House Arrest

Bomb Rating: 

There oughta be a law. It's time for the federal government to step in and declare it a felony to produce children's movies that are more than ninetyminutes long. In fact, when they screen the damn things for the studio executives they ought to have the Jeopardy song running for exactly an hour-and-a-half. After that, whether the film is finished or not, the projector shuts down, the lights go on and some people come in with pizza and beer for the audience -- and a noose for the guy who made the movie. At ninety minutes, I don't care if the screen's showing the climax, the conclusion or the credits -- if that thing isn't completely over the director hangs himself and the preview guests get to pour beer over his warm corpse.

In defense of the producers of "House Arrest," their film has a good heart; only instead of putting that heart in the right place they opt for all over the place, splattering unwitting audience members with blood and warm goo. It would seem that someone got a story idea about kids locking their divorcing parents in a basement, then the Prozac really kicked in, and the last eighty pages were left to the chimpanzees.

Consequently, Grover Beindorf (Kyle Howard) and his sister, Stacy (Amy Sakasitz), lock their parents (Jamie Lee Curtis, Kevin Pollack) in the basement to work out their problems. When their schoolmates get wind of the idea, other parents are thrown in the dungeon and the kids have a party. Then the audience is treated to an hour and fifteen minutes of people making faces at each other and acting stupid.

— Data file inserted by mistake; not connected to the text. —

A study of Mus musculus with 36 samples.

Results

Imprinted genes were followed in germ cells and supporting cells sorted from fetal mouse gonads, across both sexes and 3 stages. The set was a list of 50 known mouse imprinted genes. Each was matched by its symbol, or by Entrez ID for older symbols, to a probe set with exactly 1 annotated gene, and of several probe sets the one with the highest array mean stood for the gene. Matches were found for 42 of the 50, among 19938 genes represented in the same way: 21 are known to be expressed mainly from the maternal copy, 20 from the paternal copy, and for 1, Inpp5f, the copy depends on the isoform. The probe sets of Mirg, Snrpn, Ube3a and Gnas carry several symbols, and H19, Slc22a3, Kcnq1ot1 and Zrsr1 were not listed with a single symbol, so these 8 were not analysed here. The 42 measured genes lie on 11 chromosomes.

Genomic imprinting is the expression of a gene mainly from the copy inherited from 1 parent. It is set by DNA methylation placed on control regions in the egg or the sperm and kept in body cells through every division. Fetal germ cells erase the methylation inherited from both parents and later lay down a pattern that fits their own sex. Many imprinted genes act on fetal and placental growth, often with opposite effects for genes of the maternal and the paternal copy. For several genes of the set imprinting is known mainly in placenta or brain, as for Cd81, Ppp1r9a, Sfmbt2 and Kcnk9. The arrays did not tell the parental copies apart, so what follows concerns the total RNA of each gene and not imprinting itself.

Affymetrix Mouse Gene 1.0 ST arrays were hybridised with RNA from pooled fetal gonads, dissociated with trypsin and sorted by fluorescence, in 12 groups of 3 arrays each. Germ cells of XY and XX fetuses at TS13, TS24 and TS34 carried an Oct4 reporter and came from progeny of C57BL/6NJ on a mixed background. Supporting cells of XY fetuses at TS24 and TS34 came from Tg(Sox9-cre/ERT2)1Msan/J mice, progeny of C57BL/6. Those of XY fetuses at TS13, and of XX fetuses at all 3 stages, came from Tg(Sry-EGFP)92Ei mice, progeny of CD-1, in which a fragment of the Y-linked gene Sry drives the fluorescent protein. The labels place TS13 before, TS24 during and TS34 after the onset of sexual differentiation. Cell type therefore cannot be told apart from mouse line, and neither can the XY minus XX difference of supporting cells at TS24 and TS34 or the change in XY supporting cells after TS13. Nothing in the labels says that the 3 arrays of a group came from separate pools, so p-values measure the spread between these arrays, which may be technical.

At the very least, "House Arrest" ought to get Pat Buchanan and the rest of the right wing to stop crying about the liberal bias in Hollywood. The film reeks of "family values" influence. The message? Divorce in our country would be less of a problem if squabbling parents would just sit down and talk things out. Never mind that Dad tried to run Mom down with a lawnmower in the middle of a shopping mall or that Mom hired a hit man to off Pa so she could run away with the butcher who was "slipping her a tube steak" on a regular basis. "Family values" never met a problem it couldn't solve with swift criminalization and imprisonment.